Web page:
It’s not every day that we get to write about taxes decreasing, but the tax on gasoline in New Jersey will actually drop this October! 

The state’s treasury department announced that the gas tax rate will drop by 8.3 cents per gallon on October 1. Why is this happening? 

Well, it’s a little complicated, but this is all part of the measure that significantly increased the state’s gas tax, which was passed back in 2016. Remember when that happened and gas prices skyrocketed?


In fact, if you’ll recall the state’s gas tax went up in the fall of 2020 by 9.3 cents. That was because fewer people were traveling… so the state was making less money. As travel has increased, we’ve been able to recoup most of that, apparently. 

“Because actual consumption in Fiscal Year 2021 was so closely in line with our projections made last August, coupled with the fact that consumption in the current fiscal year is projected to be above last fiscal year’s levels, our analysis of the formula dictates an 8.3 cent decrease this coming October,” New Jersey’s Treasurer Elizabeth Maher Muoio said on Tuesday.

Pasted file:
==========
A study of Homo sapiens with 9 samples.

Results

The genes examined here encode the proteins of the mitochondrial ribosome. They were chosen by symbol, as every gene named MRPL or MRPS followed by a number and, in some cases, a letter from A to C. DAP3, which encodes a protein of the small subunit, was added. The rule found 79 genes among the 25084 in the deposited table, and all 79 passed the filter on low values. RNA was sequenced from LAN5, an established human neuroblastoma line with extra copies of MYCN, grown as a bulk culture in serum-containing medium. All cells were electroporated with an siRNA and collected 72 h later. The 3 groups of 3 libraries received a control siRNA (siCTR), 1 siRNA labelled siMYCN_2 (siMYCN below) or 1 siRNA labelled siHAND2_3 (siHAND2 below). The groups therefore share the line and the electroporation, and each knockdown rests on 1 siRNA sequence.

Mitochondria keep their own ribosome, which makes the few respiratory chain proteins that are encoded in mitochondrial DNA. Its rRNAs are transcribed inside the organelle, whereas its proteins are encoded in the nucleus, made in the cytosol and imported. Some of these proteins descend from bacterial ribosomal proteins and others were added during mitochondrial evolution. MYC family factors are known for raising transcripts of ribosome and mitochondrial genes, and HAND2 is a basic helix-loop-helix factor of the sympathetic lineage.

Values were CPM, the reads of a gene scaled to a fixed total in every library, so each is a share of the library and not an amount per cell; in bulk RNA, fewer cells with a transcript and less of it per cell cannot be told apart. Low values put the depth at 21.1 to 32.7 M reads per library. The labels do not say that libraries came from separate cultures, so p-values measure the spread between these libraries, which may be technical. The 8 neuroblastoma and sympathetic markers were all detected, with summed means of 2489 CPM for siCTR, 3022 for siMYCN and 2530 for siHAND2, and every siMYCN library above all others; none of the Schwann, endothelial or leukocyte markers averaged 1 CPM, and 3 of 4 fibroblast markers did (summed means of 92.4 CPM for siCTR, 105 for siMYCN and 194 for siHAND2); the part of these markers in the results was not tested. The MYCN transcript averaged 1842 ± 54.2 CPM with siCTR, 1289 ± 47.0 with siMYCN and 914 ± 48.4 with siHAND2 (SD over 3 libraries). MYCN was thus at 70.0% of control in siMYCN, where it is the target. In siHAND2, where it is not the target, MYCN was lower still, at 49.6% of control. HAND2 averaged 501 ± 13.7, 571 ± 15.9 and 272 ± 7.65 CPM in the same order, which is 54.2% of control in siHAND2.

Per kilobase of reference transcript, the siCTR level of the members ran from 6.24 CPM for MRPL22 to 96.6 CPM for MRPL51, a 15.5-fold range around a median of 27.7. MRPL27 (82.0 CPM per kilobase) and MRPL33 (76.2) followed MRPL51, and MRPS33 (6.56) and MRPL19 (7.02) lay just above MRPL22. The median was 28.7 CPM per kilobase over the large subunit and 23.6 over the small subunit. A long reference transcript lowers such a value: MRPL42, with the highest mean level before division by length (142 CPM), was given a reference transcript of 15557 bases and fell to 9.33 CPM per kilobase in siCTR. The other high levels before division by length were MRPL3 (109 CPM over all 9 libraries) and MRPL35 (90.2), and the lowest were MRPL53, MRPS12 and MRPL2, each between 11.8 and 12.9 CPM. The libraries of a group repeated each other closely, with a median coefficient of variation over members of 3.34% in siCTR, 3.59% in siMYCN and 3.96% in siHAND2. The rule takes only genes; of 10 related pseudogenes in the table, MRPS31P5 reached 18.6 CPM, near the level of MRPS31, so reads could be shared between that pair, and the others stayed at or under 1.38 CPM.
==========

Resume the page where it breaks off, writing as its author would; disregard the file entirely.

The TTF is the fund that pays for things like road and bridge repairs... which Jersey's roads desperately need.

So this means that New Jersey drivers will officially pay a tax of 42.4 cents per gallon of gasoline. That’s actually down from the current rate of 50.7 cents.

We’ll see if we actually notice this at the pump or if it only has a minuscule effect on gas prices, but we’re hopeful that it’ll at least look good, right?

LOOK: Best Beers From Every State

To find the best beer in each state and Washington D.C., Stacker analyzed January 2020 data from BeerAdvocate, a website that gathers user scores for beer in real-time. BeerAdvocate makes its determinations by compiling consumer ratings for all 50 states and Washington D.C. and applying a weighted rank to each. The weighted rank pulls the beer toward the list's average based on the number of ratings it has and aims to allow lesser-known beers to increase in rank. Only beers with at least 10 rankings to be considered; we took it a step further to only include beers with at least 100 user rankings in our gallery. Keep reading to find out what the best beer is in each of the 50 states and Washington D.C.